Save a Life, Share a Story

Save a Life, Share a Story

When my family gathers for the holidays, there is plenty of food and plenty of talk. (I can’t tell you how many times I have heard the same stories throughout the years.) The stories relatives tell are usually memories of the “good ole days” when they were younger and they are full of holiday cheer. But this holiday season, I’m going to ask you to do something a little different. I am challenging myself – and you -, as we all gather, that we ask our family members to share their medical histories.

Why? Because knowing such information could save a life. Grandparents, aunts, uncles, mothers and fathers want to protect us, but they can’t protect us from genetics or risk factors and the more we know about those, the more we can protect ourselves from cancer, heart disease and more. If a doctor knows that our mother’s side has a history of breast cancer, they might start testing us earlier and catch a lump before it gets serious. If there’s a family history of high blood pressure, they could start monitoring that more often.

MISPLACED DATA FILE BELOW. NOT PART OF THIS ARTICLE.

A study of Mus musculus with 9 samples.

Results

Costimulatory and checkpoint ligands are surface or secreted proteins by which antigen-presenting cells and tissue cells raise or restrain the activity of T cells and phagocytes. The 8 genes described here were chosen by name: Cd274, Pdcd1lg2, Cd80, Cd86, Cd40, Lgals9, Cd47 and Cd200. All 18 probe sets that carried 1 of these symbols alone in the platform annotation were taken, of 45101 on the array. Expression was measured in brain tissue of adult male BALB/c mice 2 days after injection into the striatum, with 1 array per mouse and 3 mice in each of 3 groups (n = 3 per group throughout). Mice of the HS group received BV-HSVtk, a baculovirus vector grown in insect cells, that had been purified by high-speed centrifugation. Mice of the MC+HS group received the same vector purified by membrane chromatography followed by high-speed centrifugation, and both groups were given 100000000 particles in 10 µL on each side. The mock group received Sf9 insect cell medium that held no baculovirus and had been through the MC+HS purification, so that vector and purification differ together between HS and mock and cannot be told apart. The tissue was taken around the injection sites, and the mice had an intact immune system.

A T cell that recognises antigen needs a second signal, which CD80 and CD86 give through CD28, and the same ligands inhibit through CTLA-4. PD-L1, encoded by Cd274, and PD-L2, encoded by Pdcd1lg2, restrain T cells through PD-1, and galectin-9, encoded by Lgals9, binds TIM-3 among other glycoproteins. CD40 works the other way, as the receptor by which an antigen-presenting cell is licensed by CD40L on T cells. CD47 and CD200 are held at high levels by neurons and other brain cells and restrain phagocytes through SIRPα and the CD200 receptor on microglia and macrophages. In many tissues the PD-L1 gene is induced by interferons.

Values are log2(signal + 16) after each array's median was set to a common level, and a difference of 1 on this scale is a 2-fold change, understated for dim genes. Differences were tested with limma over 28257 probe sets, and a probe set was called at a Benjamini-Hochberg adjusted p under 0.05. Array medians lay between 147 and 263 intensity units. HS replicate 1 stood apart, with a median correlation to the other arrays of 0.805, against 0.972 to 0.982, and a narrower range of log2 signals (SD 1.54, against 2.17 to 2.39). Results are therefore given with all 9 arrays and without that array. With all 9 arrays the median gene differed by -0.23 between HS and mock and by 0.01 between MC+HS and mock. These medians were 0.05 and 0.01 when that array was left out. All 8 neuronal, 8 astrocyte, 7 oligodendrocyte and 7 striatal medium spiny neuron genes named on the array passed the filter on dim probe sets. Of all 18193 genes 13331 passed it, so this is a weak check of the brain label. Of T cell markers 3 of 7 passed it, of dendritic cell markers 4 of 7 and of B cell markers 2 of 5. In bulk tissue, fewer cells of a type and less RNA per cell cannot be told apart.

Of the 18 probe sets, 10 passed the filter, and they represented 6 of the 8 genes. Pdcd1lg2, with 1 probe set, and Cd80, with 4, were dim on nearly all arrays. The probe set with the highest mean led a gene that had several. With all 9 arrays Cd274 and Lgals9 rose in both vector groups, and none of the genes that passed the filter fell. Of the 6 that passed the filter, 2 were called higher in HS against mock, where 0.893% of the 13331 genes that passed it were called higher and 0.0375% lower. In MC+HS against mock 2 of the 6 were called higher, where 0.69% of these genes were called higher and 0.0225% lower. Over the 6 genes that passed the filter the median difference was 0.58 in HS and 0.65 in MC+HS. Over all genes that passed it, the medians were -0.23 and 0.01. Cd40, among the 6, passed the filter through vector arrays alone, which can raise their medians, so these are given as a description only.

Talking about your family’s medical history can’t be scary, sad, or uncomfortable because we fear the words we have to speak or hear. Ever since I was seven, my dad has had ongoing health issues. Fortunately, once my brother and I were old enough to understand, my parents were very transparent about his health and I believe because he was always going to doctors, I always asked if medical issues ran in the family. However, if no one in your family has been ill, medical histories may never be brought up because it seems unnecessary or embarrassing. We need to stop this thinking and start sharing!

The gift of talking and sharing is a great gift.. Save a life and share your story. I promise your loved ones will thank you.

Save a Life, Share a Story

Amy Desselles

Louisiana's Young Breast Cancer Survivor Network

Young women with breast cancer face unique issues. And in the South, there are more young women overall facing breast cancer. In Louisiana, young African-American women are significantly more likely to suffer from breast cancer.

That is why SurviveDAT is here. Part of the Gulf States Young Breast Cancer Survivor Network, SurviveDAT's mission is to help improve the quality of life for young breast cancer survivors, as well as their family and friends, by providing continuing resources and support.